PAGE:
When it comes to worktops there are a lot of choices, and they all have different benefits. There are lots of things to think about when choosing a worktop; price, look, durability and practicality.
Cost is often the driver behind decisions on worktops, they can be one of the last things you choose, and the budget may not be as healthy as it was at the beginning of the process! Laminate is the cheapest option and probably the most widely used kitchen worktop.
There are good ranges of modern laminate worktops available now and they are very practical. They are easy to clean, heat resistant and not too hard so unlikely to break or damage your favourite crockery.
The downsides are that you can’t use under-mount sinks with a laminate, unless it has a plywood core, and it can be damaged with sharp knives and very hot surfaces. It can also be damaged by water and discolour over time.
Another lower-cost option is wood. There are lots of different types of wooden worktops available and they can start from a low price for off the shelf, small stave designs. They come in lots of different types of timber and can add warmth and character to your space.
You could also go for a bespoke wooden worktop with large full planks of timber. The most popular choice is definitely oak for its character and durability but we have also used Ash for a more contemporary look.
The benefit of a wooden worktop is that it can last a lifetime if cared for properly. The downside is also that it does need regular care and refinishing. We use a natural hard wax oil from Treatex to finish our worktops and this can be reapplied to keep the worktop looking its best.
It is not usually recommended wooden worktops around kitchen sink areas. We often suggest using quartz or stone in any wet areas, as we did in the Shearwater kitchen (above).
Quartz is a very popular choice because it is very practical and durable and the designs can be as dramatic and eye catching as natural stone. It is also more stain resistant than a lot of natural stones, especially marble, so the majority of kitchens you see which appear to have marble worktops are highly likely to be using a quartz replica.
Quartz does not have many downsides, it can be used around sinks, hot cooking areas and as a splash back. It is possible to chip the edge of it but this is quite difficult to do and no worktop is indestructible. Quartz is a great choice in modern and traditional kitchens and there are so many options out there you can usually find something to suit your budget.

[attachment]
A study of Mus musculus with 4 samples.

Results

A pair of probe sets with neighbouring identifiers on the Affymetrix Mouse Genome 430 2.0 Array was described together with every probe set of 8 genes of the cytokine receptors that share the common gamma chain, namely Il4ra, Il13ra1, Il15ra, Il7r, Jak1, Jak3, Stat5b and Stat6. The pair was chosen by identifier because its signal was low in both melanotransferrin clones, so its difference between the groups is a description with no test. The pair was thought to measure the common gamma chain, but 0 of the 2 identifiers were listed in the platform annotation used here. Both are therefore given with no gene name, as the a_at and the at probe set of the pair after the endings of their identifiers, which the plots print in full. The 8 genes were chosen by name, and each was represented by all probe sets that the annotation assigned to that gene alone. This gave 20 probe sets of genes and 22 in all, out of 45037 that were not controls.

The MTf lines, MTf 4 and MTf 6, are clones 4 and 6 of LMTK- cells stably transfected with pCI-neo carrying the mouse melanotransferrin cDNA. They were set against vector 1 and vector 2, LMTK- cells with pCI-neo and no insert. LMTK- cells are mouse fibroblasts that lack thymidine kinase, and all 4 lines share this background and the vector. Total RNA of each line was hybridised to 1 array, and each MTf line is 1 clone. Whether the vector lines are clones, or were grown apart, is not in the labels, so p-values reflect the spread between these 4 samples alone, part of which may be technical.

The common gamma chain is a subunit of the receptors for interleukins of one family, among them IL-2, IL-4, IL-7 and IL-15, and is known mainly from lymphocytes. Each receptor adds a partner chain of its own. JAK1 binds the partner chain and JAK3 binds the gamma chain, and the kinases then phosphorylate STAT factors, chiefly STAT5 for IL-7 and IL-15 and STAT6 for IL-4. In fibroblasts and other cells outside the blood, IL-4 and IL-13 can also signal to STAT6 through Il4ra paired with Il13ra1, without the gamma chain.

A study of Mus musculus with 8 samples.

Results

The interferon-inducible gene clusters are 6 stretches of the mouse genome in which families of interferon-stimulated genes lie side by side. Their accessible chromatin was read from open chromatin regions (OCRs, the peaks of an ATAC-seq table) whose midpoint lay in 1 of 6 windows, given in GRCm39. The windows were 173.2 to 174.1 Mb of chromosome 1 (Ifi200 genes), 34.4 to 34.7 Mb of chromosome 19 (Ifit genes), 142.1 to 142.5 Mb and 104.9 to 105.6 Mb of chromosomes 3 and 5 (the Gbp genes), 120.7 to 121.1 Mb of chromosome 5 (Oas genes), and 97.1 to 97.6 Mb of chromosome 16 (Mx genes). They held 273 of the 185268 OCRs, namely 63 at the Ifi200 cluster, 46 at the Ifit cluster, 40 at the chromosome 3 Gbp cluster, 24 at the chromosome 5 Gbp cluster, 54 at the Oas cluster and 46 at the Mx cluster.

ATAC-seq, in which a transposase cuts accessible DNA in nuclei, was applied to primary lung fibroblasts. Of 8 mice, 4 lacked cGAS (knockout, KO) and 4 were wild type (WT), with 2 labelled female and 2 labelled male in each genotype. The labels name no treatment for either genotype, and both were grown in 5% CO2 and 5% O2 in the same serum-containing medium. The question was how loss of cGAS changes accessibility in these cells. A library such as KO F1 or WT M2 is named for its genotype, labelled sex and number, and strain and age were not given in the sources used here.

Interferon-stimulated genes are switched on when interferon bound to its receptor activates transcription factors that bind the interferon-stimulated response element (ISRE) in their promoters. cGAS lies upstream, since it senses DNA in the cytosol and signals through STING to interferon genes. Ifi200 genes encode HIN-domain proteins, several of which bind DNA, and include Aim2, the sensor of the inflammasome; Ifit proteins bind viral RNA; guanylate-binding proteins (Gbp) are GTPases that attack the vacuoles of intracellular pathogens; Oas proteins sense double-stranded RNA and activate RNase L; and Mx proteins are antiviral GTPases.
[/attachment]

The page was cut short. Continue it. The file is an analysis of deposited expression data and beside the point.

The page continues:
Natural Stone Worktops
Natural stone is always a lovely choice and nothing can quite replicate the variety and colours you get in natural materials. As well as marble and granite you can also use things like slate and basalt. Marble always makes a huge impact and can look stunning in a traditional setting.
The downside to marble is that is quite porous and soft; it has a habit of staining especially from anything acidic like red wine or fruit juices. Marble is often seen in period kitchens, it makes a great surface for pastry work and baking and over the years the stains and marks will add character to the space.
I don’t think it is the right choice if you are worried about keeping the kitchen pristine, you don’t want to be chasing party guests around with a coaster or banning red wine in your house!
Granite is harder wearing and tends to come in darker tones, making staining less noticeable. Another advantage is that granite is also harder so less likely to be chipped or get scratched.
The newest worktop materials are making use of cutting edge technology to combine porcelain, quartz and glass into very hardwearing materials. Dekton by Cosentino is an example of this; it is marketed as almost indestructible and it can be used outdoors, as well as on kitchen surfaces.
With similar colours and patterns as quartz and available in huge sheet sizes there aren’t many downsides to Dekton except the cost! It is on the more expensive side but they do come with a 25 year warranty.
The only other downside is that the pattern is printed on the surface so if you can see the edges, you will be able to see that they are a solid colour, the pattern does not continue through. Bath Granite and Marble have Dekton available to view in their workshop, as well as some other stunning porcelain designs.
Find the Worktop that’s right for your kitchen
We will always offer support to choose your worktop if you need it and we often work with local suppliers to coordinate the design and help you get quotes for different options.
We can make and install our own timber worktops on tables, benches, kitchens or desks.
Nothing beats going to see or even picking out your own slabs of worktop from the suppliers so we recommend starting with some trips to showrooms or ordering samples online.